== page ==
May 14, 2019

The City of Lacombe might just kick blue boxes to the curb – or rather, off it. City council may choose not to renew their contract with their current recycling service provider, Environmental 360 Solutions (E360S), at their next regular meeting May 27, after learning a new contract would see costs jump 66 per cent from $4.50 per dwelling per month to $7.49.

The City of Lacombe might just kick blue boxes to the curb – or rather, off it.

City council may choose not to renew their contract with their current recycling service provider, Environmental 360 Solutions (E360S), at their next regular meeting May 27, after learning a new contract would see costs jump 66 percent from $4.50 per dwelling per month to $7.49.

Should council decide not to renew the contract with the lone company to bid for the contract, curbside recycling in the community would effectively come to an end.

“It may upset some and it’s unfortunate because, honestly, the service has not existed in the form that (citizens) would’ve thought it has for quite some time,” said City of Lacombe Mayor Grant Creasey. “If there’s no market for these items, sorting them and collecting them separately is very counterproductive and goes against all the principles you’re trying to accomplish as far as reducing waste and conserving energy goes.”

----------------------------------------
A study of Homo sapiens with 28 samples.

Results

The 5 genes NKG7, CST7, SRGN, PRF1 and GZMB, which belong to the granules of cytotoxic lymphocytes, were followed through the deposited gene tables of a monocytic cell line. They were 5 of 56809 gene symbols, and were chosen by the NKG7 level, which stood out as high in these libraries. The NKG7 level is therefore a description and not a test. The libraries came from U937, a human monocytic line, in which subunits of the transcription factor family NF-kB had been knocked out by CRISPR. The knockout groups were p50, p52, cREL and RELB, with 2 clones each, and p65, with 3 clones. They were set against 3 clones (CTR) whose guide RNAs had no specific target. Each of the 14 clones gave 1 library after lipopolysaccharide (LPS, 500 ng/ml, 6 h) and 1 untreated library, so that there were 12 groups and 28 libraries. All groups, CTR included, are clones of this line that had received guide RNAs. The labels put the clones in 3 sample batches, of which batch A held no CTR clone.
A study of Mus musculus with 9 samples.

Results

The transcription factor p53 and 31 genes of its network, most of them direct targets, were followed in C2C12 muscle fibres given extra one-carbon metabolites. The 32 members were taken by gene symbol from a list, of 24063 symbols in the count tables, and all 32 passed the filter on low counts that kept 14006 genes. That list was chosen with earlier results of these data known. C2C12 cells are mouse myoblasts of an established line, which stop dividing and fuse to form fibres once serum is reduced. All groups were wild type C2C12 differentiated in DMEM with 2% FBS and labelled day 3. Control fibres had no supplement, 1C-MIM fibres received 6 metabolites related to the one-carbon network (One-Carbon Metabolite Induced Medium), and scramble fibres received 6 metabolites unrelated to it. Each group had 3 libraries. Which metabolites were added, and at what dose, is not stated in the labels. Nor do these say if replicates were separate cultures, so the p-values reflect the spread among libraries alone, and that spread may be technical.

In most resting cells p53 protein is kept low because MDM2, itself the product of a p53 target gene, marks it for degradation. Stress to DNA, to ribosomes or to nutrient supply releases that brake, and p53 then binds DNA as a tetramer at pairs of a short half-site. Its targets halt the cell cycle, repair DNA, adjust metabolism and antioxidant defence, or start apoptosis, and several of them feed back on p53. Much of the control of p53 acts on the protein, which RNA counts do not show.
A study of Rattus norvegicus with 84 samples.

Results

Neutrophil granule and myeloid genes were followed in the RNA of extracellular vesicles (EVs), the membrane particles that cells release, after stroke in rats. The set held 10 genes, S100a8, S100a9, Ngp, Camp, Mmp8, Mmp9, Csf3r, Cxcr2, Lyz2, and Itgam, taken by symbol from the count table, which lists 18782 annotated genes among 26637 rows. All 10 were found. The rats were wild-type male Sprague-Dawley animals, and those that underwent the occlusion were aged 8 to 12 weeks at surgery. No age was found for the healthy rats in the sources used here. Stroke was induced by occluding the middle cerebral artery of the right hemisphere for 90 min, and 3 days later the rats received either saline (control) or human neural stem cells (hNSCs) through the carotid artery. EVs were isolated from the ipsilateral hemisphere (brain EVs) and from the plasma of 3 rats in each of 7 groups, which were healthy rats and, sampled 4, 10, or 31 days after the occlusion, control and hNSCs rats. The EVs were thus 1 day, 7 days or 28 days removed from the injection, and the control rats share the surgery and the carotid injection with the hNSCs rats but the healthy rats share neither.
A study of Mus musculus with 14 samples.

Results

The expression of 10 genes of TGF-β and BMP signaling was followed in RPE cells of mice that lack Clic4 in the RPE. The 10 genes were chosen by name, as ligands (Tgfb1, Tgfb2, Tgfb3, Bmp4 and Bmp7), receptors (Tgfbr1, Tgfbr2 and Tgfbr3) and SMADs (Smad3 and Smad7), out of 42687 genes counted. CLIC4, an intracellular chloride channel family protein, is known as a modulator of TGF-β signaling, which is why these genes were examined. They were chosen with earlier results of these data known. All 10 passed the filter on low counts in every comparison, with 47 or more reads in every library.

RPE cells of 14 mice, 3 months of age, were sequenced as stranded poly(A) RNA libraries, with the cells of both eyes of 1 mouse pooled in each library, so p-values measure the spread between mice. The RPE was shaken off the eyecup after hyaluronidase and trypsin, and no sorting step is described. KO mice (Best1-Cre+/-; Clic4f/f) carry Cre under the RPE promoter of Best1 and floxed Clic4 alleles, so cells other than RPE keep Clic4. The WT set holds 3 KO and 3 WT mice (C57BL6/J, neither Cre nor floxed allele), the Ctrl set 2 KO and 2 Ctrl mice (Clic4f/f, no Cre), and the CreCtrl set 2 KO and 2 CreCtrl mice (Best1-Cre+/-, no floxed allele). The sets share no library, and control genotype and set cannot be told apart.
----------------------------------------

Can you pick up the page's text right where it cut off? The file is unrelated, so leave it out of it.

The hikes, paired with a reduction in targeted items for collection – only No. 2 plastics instead of No. 1-7, no glass or non-deposit containers – come as a result of a national and increasingly global recycling crisis that began with China’s decision to impose a ban on 24 different types of waste from Canada in 2018. Prior, Canada sent half of all recycling exports to China.

While the drop in Canada’s exports to China was mitigated by a 1,000 per cent increase of exports to Malaysia, as per an investigative report by Global News, the country was unable to handle the volume and banned plastic imports. India followed, while Vietnam and Taiwan imposed restrictions on what they’ll accept.

As a result, recycling companies across the country – including Quebec where the provincial government handed the industry a $13-million bailout package, followed by another $100-million in the 2019 budget – are now finding materials hard to move, and even going as far as to pay to move materials they can’t sell to the very landfills they’re supposed to be diverting from.